I just want to note here that people wax nostalgic about woodstoves. I’ve never heard anyone go on and on about the old cast iron woodburning furnace in the basement (had one) or about the black Weber charcoal grill Dad had back in 1971, when every burger cooked on it tasted of lighter fluid. But show a picture of a woodburning cookstove, and people reminisce as if they took one to the high school prom, back when Buddy Holly was still touring county fairs and gymnasiums.
Go here to see what I mean:
The woodstove in the photo is the bigger version of my Suppertime Baker’s Choice Stove. (The Pioneer Maid.) I have cooked on half a dozen different old woodstoves, and none has been as easy to manage as this modern version. Nor do the old ones look much like my new one. Most have legs, rather than a plinth, and the few that have a plinth are fairly inexpensive versions from that manufacturer. Old stoves are nowhere near as airtight as this one. Usually there are gaps around the covers (the round plates on the top) and on the joints of the top seams. Old stoves won’t hold a fire overnight; if someone intends to heat with them, someone (and preferably not me) will have to get up in the night to add more wood.
I can shut down this stove so that the wood burns low and steady, or I can open up the vents and the flue so that I get a good hot fire in little time, necessary for baking. The top is polished steel, and while it is gradually darkening with heat and pots sitting on it, it is a good smooth surface, much better than the old cast iron tops or even the enamelled tops which chipped so easily.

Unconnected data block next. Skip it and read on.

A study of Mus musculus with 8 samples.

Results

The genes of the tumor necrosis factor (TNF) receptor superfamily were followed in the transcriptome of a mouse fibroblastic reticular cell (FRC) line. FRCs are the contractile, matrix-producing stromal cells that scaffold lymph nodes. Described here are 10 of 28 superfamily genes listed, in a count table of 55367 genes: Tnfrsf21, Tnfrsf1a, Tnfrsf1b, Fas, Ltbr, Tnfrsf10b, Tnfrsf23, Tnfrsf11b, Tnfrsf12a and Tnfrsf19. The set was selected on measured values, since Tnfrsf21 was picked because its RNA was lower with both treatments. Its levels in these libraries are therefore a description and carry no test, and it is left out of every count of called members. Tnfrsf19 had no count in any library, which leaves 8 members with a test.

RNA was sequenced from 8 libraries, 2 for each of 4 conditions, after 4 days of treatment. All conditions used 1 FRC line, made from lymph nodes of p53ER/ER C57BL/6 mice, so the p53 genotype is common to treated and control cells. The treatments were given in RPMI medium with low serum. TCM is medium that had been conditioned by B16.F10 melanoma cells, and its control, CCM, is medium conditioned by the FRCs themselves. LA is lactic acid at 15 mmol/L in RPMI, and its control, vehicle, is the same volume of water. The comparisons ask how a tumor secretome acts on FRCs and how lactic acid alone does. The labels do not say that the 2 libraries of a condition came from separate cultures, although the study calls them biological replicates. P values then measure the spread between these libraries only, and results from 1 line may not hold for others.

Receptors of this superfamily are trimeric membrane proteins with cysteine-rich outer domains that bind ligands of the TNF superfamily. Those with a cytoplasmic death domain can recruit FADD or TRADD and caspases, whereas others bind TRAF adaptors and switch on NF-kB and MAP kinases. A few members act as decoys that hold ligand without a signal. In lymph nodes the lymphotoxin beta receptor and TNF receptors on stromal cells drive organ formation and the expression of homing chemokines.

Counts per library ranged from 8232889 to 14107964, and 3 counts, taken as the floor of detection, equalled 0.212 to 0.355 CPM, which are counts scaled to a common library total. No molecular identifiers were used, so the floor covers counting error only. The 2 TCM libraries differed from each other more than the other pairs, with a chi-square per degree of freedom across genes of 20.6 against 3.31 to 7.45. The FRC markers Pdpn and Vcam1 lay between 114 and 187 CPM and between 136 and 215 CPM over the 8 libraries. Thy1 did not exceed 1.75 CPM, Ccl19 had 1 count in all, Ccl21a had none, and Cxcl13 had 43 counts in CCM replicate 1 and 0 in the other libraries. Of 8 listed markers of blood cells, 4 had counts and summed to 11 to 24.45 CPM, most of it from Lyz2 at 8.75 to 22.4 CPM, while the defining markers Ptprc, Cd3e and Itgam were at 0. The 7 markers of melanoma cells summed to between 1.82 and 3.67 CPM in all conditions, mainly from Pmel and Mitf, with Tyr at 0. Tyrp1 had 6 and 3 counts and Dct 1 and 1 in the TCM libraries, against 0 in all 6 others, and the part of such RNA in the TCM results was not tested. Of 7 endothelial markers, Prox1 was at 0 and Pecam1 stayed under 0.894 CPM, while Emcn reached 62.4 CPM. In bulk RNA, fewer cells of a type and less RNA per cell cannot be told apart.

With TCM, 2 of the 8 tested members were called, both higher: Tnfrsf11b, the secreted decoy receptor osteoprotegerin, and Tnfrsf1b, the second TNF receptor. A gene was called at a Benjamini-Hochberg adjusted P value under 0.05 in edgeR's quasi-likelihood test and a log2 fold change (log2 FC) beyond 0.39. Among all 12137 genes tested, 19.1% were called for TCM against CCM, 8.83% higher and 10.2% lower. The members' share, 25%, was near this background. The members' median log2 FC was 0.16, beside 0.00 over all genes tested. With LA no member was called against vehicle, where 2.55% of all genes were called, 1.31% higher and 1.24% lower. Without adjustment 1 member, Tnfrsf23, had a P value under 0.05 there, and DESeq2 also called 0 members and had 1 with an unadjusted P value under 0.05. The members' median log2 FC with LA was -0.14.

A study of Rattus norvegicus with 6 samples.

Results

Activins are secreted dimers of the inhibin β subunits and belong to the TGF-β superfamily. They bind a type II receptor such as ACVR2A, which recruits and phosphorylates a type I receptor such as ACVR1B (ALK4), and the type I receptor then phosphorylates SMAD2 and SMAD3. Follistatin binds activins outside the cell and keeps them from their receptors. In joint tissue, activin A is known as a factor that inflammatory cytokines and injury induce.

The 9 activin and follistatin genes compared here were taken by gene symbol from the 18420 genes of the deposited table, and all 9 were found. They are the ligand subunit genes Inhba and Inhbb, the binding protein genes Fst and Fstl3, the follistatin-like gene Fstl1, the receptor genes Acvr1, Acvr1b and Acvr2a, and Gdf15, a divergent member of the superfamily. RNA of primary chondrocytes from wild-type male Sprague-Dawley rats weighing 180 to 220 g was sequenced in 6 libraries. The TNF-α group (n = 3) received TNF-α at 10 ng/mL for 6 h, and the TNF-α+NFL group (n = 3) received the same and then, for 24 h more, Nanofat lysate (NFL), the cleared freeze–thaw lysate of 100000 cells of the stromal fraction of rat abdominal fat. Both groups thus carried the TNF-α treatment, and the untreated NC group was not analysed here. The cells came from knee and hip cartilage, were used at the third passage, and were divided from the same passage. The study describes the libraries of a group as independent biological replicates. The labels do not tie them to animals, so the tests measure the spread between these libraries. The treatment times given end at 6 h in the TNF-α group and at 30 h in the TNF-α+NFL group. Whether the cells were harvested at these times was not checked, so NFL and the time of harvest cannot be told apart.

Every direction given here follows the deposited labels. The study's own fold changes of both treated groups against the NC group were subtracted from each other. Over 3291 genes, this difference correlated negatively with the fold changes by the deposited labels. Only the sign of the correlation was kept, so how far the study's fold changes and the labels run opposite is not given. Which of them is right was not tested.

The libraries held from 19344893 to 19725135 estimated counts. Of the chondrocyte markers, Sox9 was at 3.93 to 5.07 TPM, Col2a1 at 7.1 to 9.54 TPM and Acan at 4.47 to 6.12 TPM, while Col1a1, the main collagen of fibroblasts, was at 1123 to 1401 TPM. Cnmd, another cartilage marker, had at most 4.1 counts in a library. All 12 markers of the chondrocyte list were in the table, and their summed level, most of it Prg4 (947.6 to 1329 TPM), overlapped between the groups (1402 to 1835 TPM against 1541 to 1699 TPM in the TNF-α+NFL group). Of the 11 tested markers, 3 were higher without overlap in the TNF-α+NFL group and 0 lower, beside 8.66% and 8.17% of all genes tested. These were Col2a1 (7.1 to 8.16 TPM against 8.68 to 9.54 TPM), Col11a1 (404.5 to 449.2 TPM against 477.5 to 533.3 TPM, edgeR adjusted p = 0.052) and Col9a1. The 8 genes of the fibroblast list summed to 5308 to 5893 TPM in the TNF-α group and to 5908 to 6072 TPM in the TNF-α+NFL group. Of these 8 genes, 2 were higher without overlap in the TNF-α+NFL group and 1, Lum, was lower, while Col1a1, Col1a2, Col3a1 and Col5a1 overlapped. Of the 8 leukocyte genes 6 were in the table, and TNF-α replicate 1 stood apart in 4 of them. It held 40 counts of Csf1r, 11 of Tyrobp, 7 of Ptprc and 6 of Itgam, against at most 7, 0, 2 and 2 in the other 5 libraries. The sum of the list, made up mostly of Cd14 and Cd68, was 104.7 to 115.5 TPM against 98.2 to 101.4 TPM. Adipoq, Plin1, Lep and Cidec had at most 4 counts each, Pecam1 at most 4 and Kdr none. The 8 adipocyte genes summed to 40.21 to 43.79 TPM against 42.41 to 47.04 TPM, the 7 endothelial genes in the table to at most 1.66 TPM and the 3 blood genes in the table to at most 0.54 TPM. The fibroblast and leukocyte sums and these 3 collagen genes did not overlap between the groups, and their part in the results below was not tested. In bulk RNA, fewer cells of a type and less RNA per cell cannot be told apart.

It takes a fairly good sized piece of unsplit wood, while most older stoves need quartered rounds. Starting a fire in this stove is easy; it has such good airflow that even cold it takes just a page or two of newsprint, a little kindling, some light stovewood, and one match to get it going. Some mornings with the old stoves, I would feed tinder and kindling, blow on a spark, and spend a good hour getting enough of a flame to take a piece of wood.
It is still work to use it. While it draws well ands we have never had smoke come back through it, we do get a bit of ash floating out if we drop a large piece of wood in and the wood itself always has a tendency to shed a little bark. I do sweep up every day. I have to remember to get up and check the fire, add wood, adjust the airflow, and make sure that the pots of water on the back haven’t gone dry. (The large blue stockpot and the copper kettle sit full on the stove for tea water and washwater. I ladle water out as needed, but I have to remember to replace it.) We keep dry wood out in the shed off the kitchen, rather than stacking it in the kitchen. Wood in the kitchen is a hazard – sparks might jump from the stove; stovewood really must not be stored between stove and the next wall surface; and stacked wood in the house can encourage insect and rodent pests. I keep a small box of kindling at a safe distance from the firebox for the morning.
This is not the fancy old chrome and enamel stove that was once the heart’s desire of the farmwife; it is the hardworking, efficient version of what our grandparents used to have.